Burkholder’s night not enough
NORTHUMBERLAND – By the numbers alone, Juniata Mennonite’s boys basketball game against Sunbury Christian may not seem like it was much of a contest.
The Eagles have almost as many players on the bench with the starters on the court as Juniata Mennonite has on its roster. Three seniors dot the Sunbury roster; after the junior class, the Lions have nothing but junior high players. Add 1,000-point scorer Blake Spangler Jones, and it’s a clear advantage for Sunbury.
So you can imagine what a surprise it was for the home team when Kevin Burkholder knocked down the first two buckets of the game to give Juniata Mennonite an early lead.
It was fun while it lasted. Sunbury Christian took over after that, cruising to a 49-29 victory in the Allegheny Christian Athletic Association matchup.
Once the offense started clicking for the Eagles, the visitors just had no answers. A pair of guards – Spangler Jones, a senior, and sophomore Jed Stuck – did most of the heavy lifting; Spangler Jones was good for a team-high 13 points and Stuck chipped in 11.
Burkholder was the top scorer for the Lions and the game, accumulating 14 points.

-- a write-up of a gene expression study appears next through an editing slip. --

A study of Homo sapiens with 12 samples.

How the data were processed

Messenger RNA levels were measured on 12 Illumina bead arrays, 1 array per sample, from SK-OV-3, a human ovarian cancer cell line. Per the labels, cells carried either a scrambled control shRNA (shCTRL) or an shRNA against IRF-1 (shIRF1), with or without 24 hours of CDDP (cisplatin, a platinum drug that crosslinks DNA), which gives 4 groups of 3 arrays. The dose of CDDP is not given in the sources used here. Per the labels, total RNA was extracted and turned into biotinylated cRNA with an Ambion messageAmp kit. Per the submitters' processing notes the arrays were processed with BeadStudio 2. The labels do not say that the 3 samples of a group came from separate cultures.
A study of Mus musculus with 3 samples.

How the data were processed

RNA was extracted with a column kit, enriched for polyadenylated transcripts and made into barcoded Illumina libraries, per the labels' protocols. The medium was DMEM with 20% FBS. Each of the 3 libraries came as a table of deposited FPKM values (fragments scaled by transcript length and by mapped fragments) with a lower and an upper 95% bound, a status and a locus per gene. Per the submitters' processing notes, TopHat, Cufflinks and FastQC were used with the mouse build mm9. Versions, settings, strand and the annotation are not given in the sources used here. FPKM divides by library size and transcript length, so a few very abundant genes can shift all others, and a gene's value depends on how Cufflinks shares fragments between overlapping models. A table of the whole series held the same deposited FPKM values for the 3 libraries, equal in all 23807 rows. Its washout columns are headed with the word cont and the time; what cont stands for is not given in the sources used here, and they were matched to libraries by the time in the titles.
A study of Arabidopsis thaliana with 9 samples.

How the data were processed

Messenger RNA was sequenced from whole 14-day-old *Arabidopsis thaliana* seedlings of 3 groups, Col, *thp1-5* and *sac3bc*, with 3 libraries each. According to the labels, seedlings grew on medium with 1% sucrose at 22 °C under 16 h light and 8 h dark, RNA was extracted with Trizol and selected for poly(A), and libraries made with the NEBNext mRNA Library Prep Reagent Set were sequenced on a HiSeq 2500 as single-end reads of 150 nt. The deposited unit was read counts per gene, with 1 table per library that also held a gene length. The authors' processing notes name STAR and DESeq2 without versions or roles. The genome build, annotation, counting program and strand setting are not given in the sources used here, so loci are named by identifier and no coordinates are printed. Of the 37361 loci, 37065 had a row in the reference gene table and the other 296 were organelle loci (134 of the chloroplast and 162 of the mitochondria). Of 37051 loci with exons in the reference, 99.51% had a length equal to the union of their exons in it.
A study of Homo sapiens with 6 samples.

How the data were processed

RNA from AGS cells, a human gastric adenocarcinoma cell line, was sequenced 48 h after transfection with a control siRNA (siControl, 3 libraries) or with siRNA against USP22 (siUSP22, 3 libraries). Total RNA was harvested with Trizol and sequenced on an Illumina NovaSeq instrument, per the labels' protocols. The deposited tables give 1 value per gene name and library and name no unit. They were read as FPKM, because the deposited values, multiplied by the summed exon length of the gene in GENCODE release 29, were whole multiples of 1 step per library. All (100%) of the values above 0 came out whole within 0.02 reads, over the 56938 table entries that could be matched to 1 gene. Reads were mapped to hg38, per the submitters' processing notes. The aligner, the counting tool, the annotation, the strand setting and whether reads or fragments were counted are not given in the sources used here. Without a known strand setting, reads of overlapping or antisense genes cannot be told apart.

“I’m excited about some of the things I saw tonight. You don’t see a lot of good things but you see some things and you see they’re getting it,” Juniata Mennonite coach Dennis Zimmerman said. “I thought we didn’t play a bad first half. We got a little sloppy that second quarter, but in the first quarter we did some real good things.”
The problem was, after the early success, it turned into a trade deficit – Juniata Mennonite was being outscored nearly 2-1 through the first half, which ended 28-13 in Sunbury’s favor.
And the third was downright painful.
The Eagles scored the first nine points coming out of the locker room before Adrian Martin found the net. A 10-point stretch in favor of the Eagles made the score 47-15 early in the fourth, the biggest lead the home team would see.
Sitting on the bleachers late in the girls game, Zimmerman was using Sunbury’s matchup zone defense as a learning tool for his team, a lesson whose importance wasn’t obvious until the boys game. Zimmerman admitted to frustration when he saw a player running around the court looking for his place.
“When you’re playing with three young guys who have hardly any varsity experience it really makes it difficult,” he said. “Defensively, we’re not there – guys aren’t rotating, guys aren’t playing their guys. We ran man-to-man and just kind of got out of kilter a little bit.”
By the fourth, the Eagle starters were on the bench and the Juniata Mennonite squad was trying to write a script for a more promising future, giving up just one more bucket while scoring 14 points against the bench on the way to the final.
“It’s a learning curve for these guys, and I think they’re going to get it. We have a team on the floor, and that means they can learn,” Zimmerman said.
The Lions (1-6, 1-5) host Watsontown Christian Thursday.